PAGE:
Learning languages: The priceless promise of adventure to come
I returned from teaching English in Japan eight years ago.
I’ve dreamed of traveling there with my family. I dream most especially of returning to Hiroshima and watching my young sons place their own paper cranes at an angel’s feet.
My husband would like us to visit Australia, where he and other early castaways were sequestered while fellow Survivor competitors finished up their time on the island.
We’d also like to visit places we’ve never been. Time and money are sparse, so we’ve taken to dreaming now of travel later.
I’ll be traveling internationally again soon. My new job will assign me certain territories, and I’ll periodically visit customers within those territories as part of my job.
Which territories? I have no idea, but I’m thrilled all the same. There are very few parts of the world I don’t want to see, and even seeing for twenty exhausted not-working minutes a day is better than seeing for zero minutes over eight years.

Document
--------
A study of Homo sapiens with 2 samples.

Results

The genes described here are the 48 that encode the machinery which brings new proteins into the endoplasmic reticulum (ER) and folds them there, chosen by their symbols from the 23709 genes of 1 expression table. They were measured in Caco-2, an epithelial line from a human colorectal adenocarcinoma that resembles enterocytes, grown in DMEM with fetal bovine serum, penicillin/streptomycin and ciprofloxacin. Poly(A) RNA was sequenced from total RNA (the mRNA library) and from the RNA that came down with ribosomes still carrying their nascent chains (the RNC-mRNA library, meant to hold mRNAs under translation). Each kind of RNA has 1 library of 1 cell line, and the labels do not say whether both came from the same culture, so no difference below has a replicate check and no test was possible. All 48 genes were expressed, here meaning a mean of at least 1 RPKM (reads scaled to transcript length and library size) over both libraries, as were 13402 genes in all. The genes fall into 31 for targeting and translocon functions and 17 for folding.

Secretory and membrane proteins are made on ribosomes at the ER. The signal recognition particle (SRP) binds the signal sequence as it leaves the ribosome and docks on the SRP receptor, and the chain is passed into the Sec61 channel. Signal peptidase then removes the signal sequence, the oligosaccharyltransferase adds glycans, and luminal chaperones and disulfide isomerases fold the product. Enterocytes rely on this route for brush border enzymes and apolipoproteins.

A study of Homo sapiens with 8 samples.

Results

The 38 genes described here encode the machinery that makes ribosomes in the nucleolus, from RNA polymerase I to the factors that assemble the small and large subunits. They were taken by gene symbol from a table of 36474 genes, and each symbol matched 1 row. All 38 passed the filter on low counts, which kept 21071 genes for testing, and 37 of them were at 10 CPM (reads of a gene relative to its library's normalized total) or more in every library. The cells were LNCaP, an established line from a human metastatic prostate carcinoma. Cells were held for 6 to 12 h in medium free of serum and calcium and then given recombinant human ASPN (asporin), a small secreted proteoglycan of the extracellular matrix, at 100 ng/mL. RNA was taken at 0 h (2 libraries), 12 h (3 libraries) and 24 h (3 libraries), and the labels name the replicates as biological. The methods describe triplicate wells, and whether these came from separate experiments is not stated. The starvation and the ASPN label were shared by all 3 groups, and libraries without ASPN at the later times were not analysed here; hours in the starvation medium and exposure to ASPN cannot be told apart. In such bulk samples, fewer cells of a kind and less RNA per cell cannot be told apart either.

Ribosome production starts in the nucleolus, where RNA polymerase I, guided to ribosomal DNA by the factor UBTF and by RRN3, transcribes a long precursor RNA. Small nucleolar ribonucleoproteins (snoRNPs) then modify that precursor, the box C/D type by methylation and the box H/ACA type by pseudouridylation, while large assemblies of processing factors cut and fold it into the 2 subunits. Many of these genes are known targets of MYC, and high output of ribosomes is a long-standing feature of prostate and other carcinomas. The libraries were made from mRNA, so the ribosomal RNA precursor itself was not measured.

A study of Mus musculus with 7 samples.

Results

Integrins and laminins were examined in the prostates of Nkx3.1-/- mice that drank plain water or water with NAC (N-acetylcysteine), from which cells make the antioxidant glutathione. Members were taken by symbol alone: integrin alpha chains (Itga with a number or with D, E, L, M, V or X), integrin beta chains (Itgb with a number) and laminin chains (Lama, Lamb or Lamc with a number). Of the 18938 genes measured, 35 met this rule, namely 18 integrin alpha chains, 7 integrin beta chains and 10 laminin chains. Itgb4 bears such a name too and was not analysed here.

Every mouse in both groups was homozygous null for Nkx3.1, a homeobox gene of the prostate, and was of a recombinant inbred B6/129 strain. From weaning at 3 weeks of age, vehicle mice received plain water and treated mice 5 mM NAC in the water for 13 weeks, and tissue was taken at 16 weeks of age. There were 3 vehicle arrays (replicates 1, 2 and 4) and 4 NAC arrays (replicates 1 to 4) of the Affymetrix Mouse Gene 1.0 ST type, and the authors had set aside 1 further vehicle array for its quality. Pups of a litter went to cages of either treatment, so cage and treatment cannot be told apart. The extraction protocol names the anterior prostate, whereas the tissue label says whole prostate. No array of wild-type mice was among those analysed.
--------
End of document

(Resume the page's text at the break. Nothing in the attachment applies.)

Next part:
My daily commute will be long. I’ll miss being so near my sons so many hours a day. But I’ll use my commute to study languages, the very thought of which makes me giddy. I’ve ordered a conversational Spanish course already.
Will I be assigned any Spanish-speaking countries? Who knows! Whether or not I speak Spanish on my job, there’s plenty of use for it here in Los Angeles. It’s also about time I made good on my long-ago promise to a dear friend, my Peruvian sister, to learn it.
Best of all is the thrill of possibility. My father studied languages for the military; though he’s no longer in my life, his passion for language and travel made me curious about all the places he’d been. If he could go to Greece and Paraguay and South Korea, why couldn’t I? What would I see when I exchanged poverty with possibility realized?
So I checked out language books and language tapes starting in sixth grade. I studied bits and pieces of dozens of languages as I dreamed of all the places I’d travel someday. I took Russian, Chinese and German in high school, before those languages were sadly cut as non-essential. I added a couple of years of German, two terms of Russian and a little Swahili in college.
That Spanish course is on its way to me now. Outwardly, it looks like an unremarkable $30 collection of a few CDs. It’s so much more.
It’s the priceless promise of adventure to come.